Almost vegetarian culinary inspiration with a home-grown recipe or two or three

I tend not to find vegetarian (or even vegan) cookbooks all that inspiring. Sure, some are better than others. And, sure, I’ve even picked up the odd recipe or two from vegetable-based books such as Zucchini Pancakes, Roasted Peppers and Sun-dried Tomatoes with Fresh Mozzarella, and Roasted Squash Potage with Spiced Crème Fraîche. But, overall, vegetarian books tend not to inspire me.

Where I do get my culinary inspiration from is non-vegetarian cookbooks written by brilliant chefs.

Now, at the most basic level, I get vegetarian recipes from these books. But, at the more interesting level, I get inspiration for vegetarian recipes I develop myself.

Let me explain.

A few weeks ago, I picked up a copy of Julia Child’s Baking with Julia at a second-hand bookstore. I grabbed it because, when casually flipping pages, I came across the Alsatian Onion Tart recipe from Michel Richard. And I was captivated.

Here are the ingredients for the tart
About ½ pound puff pastry scraps, chilled
4 very large onions, peeled and diced
1 cup chicken broth (homemade or canned low-sodium)
3 tablespoons heavy cream
Salt and freshly ground black pepper to taste
1/4 pound slab bacon

Here's how you make it
Preheat the oven to 350F. Then sauté the onions in the broth for half an hour. Add the cream and salt and pepper and remove from heat. Next, cube and boil the bacon for 1 minute. Dry, then sauté for another minute or two and remove this, too, from the heat.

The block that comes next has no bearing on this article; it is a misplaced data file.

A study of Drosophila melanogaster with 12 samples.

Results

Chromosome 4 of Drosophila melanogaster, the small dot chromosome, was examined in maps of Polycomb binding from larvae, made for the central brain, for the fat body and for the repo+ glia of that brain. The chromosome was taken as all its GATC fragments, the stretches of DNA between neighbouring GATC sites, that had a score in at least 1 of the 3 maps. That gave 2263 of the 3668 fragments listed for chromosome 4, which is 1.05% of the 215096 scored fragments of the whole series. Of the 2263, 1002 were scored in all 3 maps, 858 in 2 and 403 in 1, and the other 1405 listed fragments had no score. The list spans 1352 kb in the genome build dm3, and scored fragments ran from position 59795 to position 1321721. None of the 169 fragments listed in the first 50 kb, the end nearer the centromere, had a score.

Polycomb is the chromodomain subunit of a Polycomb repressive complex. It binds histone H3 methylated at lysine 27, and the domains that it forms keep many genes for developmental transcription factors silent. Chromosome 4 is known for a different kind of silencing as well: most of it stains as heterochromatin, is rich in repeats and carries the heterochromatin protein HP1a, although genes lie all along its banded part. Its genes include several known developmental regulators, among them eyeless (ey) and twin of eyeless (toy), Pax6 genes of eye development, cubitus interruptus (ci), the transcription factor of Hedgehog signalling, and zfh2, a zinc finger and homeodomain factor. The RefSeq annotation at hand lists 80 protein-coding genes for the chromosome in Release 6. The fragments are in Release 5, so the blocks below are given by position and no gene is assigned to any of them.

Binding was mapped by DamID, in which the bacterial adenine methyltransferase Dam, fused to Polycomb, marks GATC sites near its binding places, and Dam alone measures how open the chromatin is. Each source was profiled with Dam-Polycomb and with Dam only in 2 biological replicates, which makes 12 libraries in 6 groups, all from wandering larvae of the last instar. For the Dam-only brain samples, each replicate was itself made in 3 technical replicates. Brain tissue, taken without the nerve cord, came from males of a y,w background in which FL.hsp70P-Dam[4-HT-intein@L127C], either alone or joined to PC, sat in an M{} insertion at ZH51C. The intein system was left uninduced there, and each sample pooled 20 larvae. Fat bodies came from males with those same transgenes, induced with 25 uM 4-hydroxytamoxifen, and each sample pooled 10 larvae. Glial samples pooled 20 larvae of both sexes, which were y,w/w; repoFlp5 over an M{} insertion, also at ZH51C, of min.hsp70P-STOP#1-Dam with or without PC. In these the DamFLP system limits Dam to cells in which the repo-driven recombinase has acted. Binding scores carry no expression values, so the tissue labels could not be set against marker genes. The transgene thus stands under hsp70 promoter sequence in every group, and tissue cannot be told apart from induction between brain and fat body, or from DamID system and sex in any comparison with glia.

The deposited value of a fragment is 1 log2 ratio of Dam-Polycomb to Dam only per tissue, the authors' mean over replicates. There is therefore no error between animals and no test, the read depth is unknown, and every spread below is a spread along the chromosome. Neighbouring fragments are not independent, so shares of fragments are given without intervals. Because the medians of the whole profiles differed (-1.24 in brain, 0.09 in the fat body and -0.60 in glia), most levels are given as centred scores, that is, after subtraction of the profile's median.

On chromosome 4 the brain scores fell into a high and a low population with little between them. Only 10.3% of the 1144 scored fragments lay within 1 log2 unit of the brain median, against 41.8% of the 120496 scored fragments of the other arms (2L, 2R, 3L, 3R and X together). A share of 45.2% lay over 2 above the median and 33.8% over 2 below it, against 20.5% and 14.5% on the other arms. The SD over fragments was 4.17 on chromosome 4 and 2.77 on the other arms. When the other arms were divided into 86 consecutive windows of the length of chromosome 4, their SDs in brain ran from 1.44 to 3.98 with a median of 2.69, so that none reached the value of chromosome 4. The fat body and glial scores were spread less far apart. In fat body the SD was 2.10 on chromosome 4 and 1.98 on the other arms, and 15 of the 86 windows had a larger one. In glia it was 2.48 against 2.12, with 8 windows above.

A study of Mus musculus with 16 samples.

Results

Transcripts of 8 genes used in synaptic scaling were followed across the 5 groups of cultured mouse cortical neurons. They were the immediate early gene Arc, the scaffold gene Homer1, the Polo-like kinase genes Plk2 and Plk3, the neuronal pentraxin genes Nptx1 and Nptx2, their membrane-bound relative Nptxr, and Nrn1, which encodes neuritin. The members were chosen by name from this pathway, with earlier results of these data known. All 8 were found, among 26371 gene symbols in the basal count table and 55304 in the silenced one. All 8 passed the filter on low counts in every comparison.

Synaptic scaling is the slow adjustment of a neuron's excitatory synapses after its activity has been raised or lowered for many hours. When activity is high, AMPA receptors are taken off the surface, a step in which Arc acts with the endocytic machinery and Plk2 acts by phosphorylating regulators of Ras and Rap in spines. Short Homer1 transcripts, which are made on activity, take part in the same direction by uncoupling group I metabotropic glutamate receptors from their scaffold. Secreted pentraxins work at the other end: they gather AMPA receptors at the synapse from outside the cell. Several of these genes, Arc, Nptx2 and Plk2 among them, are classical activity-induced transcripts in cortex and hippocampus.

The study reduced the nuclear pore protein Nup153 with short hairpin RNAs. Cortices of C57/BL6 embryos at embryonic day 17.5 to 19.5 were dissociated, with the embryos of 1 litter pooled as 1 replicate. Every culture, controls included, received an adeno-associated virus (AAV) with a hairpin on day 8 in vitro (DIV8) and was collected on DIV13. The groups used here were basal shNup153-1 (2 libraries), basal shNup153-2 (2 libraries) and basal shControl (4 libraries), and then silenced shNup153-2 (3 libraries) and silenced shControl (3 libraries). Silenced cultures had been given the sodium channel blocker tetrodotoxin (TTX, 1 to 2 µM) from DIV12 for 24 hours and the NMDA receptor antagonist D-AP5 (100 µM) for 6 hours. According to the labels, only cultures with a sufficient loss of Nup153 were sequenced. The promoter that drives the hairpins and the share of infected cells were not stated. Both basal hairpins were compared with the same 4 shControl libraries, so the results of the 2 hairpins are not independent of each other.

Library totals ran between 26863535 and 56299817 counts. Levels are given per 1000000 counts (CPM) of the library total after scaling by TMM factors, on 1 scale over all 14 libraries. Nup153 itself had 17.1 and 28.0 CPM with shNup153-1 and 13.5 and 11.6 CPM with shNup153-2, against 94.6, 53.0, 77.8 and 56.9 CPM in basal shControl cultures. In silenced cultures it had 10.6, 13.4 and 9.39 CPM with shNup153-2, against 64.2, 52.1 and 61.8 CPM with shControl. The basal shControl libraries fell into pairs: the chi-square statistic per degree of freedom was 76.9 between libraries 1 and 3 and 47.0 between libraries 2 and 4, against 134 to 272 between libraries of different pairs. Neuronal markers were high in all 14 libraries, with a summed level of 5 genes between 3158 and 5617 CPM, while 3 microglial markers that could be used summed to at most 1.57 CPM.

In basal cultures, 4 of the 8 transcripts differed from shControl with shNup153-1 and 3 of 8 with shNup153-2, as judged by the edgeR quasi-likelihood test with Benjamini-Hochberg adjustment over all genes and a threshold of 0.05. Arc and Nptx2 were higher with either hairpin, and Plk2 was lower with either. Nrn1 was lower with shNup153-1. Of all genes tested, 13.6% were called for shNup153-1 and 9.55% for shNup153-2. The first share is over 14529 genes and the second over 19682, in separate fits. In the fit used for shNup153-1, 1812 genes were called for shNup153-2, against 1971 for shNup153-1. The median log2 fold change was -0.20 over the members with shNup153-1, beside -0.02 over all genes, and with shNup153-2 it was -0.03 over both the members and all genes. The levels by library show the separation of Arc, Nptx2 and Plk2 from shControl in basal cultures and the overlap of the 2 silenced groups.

Top the pastry with the onions, then the bacon, and bake for half an hour.

Here is the inspiration
It is not this specific recipe that I love here. What I love is the idea behind this recipe. Namely, take very tasty, savory, ingredients and bake them on a bread base.

What an inspiration for tons of recipes!

And here are the results
Obviously, I did not want the bacon or the chicken broth. And I could do without the cream, too. So I ditched those and, instead, sautéed the onion with kale in olive oil and garlic. When this was just this side of cooked (wilted, but not totally limp), I sprinkled it on the puff pastry. On top, I sprinkled a generous handful of grated gruyère. Then salt, pepper, and a half hour in a 350F oven.


Next, I tried topping the pastry with onions and mushrooms sautéed in white wine with dried porcini. Amazing! Next, kale with sun-dried tomatoes and olives. Great!

Then I think I’ll try a sweeter version. Say sliced pears with walnuts and blue cheese. Or sliced apples with sprigs of rosemary.

After that, I’ll see what I can do to make the white flour / butter-laden puff pasty a bit healthier. I know I have a pie dough recipe from Sally Schneider that cuts the butter in half by substituting sour cream. That’s better. But what if I cut out the butter altogether and made it on a baguette? What if I went even further and eliminated the white flour, too, by using a whole wheat baguette? Healthier, sure, but am I sacrificing so much taste to good health that no one will eat it? Hmmm.

So do you see how the inspiration just flows?

Where to get more inspiration
Sure I read new cookbooks and food books and magazines. But I also haunt used bookstore for old treasures (if you’re interested, these days I seem to be drawn to older French cookbooks and I am searching for some out-of-print Nigel Slater cookbooks, but am having no luck.).

And I read non-food books, too. Inspiration can come from anywhere. Anywhere at all. You just have to be open to it.